One of the things that school teachers do during their vacation from school is to go to the doctor, and I am no exception to the rule. Once every five years, I schedule a colonoscopy during my school vacation. This, my friends, is my fifth day before Christmas Public Service Announcement, and it’s not a pretty story.
My father was a colon cancer survivor through no preventative behavior of his own — they caught his cancer accidentally because of another test. He had about a foot of his guts removed and lived to tell about it. My mom, unfortunately, somehow didn’t think that having a colonoscopy might be a good idea for her, and five years ago ended up with a colostomy due to diverticulitis that led to peritonitis. She’s still living with the choice she made, and with dietary changes her problem could have been avoided.
Many of us will end up with some sort of diverticular disease by the time we are sixty, but we don’t have to die from it. All you need to do is to keep your bowels moving so that you don’t get pockets of nasty stuff caught in your gastrointestinal tract (I warned you that it wasn’t a pretty story!). It’s pretty simple, really. I’m not a doctor, but this isn’t rocket science either.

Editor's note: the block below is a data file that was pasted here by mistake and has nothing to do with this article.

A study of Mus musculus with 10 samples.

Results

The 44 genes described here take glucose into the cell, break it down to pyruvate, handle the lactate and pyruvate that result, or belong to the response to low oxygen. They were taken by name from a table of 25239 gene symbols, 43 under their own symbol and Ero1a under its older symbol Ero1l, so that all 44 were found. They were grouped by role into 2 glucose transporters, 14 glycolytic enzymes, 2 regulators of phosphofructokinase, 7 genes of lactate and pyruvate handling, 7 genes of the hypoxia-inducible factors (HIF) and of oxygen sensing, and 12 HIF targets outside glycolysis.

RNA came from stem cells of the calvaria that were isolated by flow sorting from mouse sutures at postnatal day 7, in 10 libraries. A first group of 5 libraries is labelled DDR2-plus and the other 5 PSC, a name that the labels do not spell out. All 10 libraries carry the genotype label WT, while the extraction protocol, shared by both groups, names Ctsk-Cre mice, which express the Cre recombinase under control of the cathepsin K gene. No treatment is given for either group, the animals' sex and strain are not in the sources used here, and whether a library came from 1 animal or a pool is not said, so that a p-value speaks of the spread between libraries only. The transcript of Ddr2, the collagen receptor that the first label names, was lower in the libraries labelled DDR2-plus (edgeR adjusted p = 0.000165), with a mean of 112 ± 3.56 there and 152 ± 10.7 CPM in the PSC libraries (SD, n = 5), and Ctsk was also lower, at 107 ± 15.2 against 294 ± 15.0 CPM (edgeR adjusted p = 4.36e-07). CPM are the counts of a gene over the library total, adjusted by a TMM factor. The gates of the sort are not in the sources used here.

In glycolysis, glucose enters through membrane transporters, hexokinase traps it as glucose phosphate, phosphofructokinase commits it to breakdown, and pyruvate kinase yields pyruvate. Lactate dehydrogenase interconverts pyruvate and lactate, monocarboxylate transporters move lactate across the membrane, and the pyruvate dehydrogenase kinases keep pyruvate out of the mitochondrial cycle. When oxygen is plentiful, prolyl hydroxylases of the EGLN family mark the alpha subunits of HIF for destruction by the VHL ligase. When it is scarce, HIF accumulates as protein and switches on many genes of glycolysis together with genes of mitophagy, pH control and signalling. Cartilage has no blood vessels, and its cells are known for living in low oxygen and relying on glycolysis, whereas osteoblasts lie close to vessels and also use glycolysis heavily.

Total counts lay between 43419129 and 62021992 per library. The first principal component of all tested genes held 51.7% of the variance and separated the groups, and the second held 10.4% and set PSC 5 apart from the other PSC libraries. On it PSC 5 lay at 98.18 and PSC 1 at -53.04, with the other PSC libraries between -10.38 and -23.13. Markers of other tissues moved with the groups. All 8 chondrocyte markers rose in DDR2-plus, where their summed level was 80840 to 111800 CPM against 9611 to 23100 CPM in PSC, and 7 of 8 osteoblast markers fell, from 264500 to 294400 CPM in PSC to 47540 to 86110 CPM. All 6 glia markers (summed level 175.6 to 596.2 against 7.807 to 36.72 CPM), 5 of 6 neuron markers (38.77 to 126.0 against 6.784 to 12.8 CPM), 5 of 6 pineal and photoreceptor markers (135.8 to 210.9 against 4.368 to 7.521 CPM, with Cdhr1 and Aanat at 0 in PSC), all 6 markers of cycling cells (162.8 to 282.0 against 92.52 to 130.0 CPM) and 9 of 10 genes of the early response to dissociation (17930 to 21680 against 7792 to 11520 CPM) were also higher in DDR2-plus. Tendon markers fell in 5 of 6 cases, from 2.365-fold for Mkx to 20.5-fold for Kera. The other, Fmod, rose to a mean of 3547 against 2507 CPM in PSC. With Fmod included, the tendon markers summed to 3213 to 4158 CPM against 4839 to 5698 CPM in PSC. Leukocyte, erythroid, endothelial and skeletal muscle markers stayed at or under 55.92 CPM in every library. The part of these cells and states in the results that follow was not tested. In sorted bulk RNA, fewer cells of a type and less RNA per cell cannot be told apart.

Drink lots of water
Eat food with fiber: fruit, vegetables, whole grains
Talk to your doctor. He or she will probably tell you to have a screening colonoscopy if you are fifty, or before that if you have risk factors such as family history.
So that’s my story for today. I didn’t get my dining room table cleared off or decorated, but I’m pretty sure that I will have five more years to be alive to enjoy Christmas in the future. That’s more important.